Call to support female engineers to avoid mass shortage
Australia could face a shortage of 200,000 engineers by 2040, putting at risk major infrastructure projects and efforts to become a renewable energy leader, a new analysis has found.
Supporting female engineers to enter and stay in the industry could be key to avoiding the shortfall, Professionals Australia has warned, as only two in 10 engineering students were women and they represented just 15 per cent of the engineering workforce.
The report, released on International Women's Day, also found the gender pay gap in engineering was significantly larger than in other industries, with women paid 24 per cent less than men in architectural, engineering and technical roles.
The issues come despite a huge slate of infrastructure projects in Australia, with $248 billion committed by state and federal governments over the next four years.
The Engineering a Better Future report analysed workforce, immigration and education statistics and discovered Australia would suffer a growing skills gap for engineers, fuelled by higher demand and a high attrition rate.
Just two thirds of Australian engineers worked in engineering roles, it found, and 8.5 per cent of university students graduated with engineering degrees compared to 23 per cent in Germany and 12 per cent in Canada.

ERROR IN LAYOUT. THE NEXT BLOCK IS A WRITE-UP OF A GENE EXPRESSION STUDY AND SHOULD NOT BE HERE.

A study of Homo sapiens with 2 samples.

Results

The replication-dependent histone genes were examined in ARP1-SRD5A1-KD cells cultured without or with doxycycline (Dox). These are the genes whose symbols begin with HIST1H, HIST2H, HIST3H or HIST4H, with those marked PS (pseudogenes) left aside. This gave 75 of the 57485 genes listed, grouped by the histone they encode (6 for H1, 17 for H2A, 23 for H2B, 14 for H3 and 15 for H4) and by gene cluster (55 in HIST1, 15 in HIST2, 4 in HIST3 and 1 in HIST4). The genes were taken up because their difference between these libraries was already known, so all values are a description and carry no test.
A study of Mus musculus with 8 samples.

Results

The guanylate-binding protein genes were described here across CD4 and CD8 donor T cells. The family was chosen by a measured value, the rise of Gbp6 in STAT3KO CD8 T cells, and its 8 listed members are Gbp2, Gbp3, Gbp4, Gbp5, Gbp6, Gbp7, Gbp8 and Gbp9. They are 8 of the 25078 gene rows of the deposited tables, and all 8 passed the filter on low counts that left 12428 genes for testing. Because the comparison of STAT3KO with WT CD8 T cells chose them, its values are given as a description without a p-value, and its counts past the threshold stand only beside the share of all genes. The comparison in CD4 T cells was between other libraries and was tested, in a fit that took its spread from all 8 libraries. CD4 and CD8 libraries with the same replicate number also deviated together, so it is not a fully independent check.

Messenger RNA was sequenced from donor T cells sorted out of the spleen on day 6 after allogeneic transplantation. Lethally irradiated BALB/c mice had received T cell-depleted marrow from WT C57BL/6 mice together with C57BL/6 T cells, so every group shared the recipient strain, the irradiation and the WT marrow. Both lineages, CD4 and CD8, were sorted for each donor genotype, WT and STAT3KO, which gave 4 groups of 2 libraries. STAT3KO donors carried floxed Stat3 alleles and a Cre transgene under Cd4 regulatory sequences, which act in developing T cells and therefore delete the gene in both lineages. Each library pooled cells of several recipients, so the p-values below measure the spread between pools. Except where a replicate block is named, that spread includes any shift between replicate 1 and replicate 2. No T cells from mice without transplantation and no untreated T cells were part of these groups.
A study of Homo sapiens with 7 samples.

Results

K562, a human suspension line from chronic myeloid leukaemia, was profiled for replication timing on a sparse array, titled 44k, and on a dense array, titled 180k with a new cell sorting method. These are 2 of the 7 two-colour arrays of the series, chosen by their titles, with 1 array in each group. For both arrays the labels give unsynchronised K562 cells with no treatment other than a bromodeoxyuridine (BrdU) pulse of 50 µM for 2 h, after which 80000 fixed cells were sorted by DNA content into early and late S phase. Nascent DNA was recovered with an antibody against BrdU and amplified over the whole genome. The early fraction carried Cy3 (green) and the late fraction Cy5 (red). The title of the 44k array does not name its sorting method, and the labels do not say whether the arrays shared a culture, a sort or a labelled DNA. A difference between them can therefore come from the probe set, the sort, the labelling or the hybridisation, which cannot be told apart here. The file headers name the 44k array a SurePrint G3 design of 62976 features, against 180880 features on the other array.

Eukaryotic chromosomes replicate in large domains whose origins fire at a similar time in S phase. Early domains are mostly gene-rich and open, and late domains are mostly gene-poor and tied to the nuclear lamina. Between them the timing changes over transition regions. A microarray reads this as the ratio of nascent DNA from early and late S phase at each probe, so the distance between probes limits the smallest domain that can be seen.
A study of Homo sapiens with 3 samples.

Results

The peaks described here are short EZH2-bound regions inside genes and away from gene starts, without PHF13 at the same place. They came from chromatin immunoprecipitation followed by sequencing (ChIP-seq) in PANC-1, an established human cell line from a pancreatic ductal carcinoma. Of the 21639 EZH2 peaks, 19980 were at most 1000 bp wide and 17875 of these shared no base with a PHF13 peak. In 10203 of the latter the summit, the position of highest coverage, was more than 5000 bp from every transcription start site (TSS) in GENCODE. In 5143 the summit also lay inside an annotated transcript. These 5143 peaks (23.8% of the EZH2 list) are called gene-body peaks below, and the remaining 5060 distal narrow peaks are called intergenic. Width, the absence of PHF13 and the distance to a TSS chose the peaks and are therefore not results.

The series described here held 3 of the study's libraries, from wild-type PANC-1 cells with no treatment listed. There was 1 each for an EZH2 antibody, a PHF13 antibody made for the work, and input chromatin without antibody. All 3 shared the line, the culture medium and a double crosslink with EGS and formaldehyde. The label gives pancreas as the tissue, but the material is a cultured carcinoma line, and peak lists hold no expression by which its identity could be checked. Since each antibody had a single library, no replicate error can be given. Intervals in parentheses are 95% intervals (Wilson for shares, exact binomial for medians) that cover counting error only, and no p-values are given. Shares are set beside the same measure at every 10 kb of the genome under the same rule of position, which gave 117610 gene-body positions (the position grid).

Professionals Australia chief executive Jill McCabe said projections for the industry could have dire consequences for growth and the economy.
"It is quite confronting to see projections that we'll have a shortfall of 200,000 engineers by 2040," she said.
"If we dig beneath those stats, we see we have been failing to support a sufficient number of students to study and complete an engineering degree."
Ms McCabe said alarming trends were also limiting the number of women studying engineering and staying in the industry, including a pay gap 10 per cent higher than the average and limited support for flexible schedules.
"There's a lack of role models, there's a lack of women in senior roles and a lack of access to flexible work that are all contributing to women to leaving the profession," she said.
"Employers are not attracting and retaining women in engineering. The number of women participating in the workforce in engineering declines as they get older."
Practising civil engineer Lindsay Nash said Australia's education system was failing to support enough students to study engineering and many of those who graduated were leaving the industry, creating a larger problem.
"If Australia is to address its engineering skills shortage, it's clear that we need to do a better job at preventing this critical skills wastage," Ms Nash said.
The report recommended governments investigate how to encourage more women to study STEM subjects and achieve pay equity in the industry, while state governments consider introducing a registration scheme for engineers and removing wage caps.
The engineering forecast came one day after an RMIT and Deloitte Access Economics study found a shortage of digital skills was costing Australian businesses $3.1 billion a year in lost revenue, consulting contracts, and reduced productivity.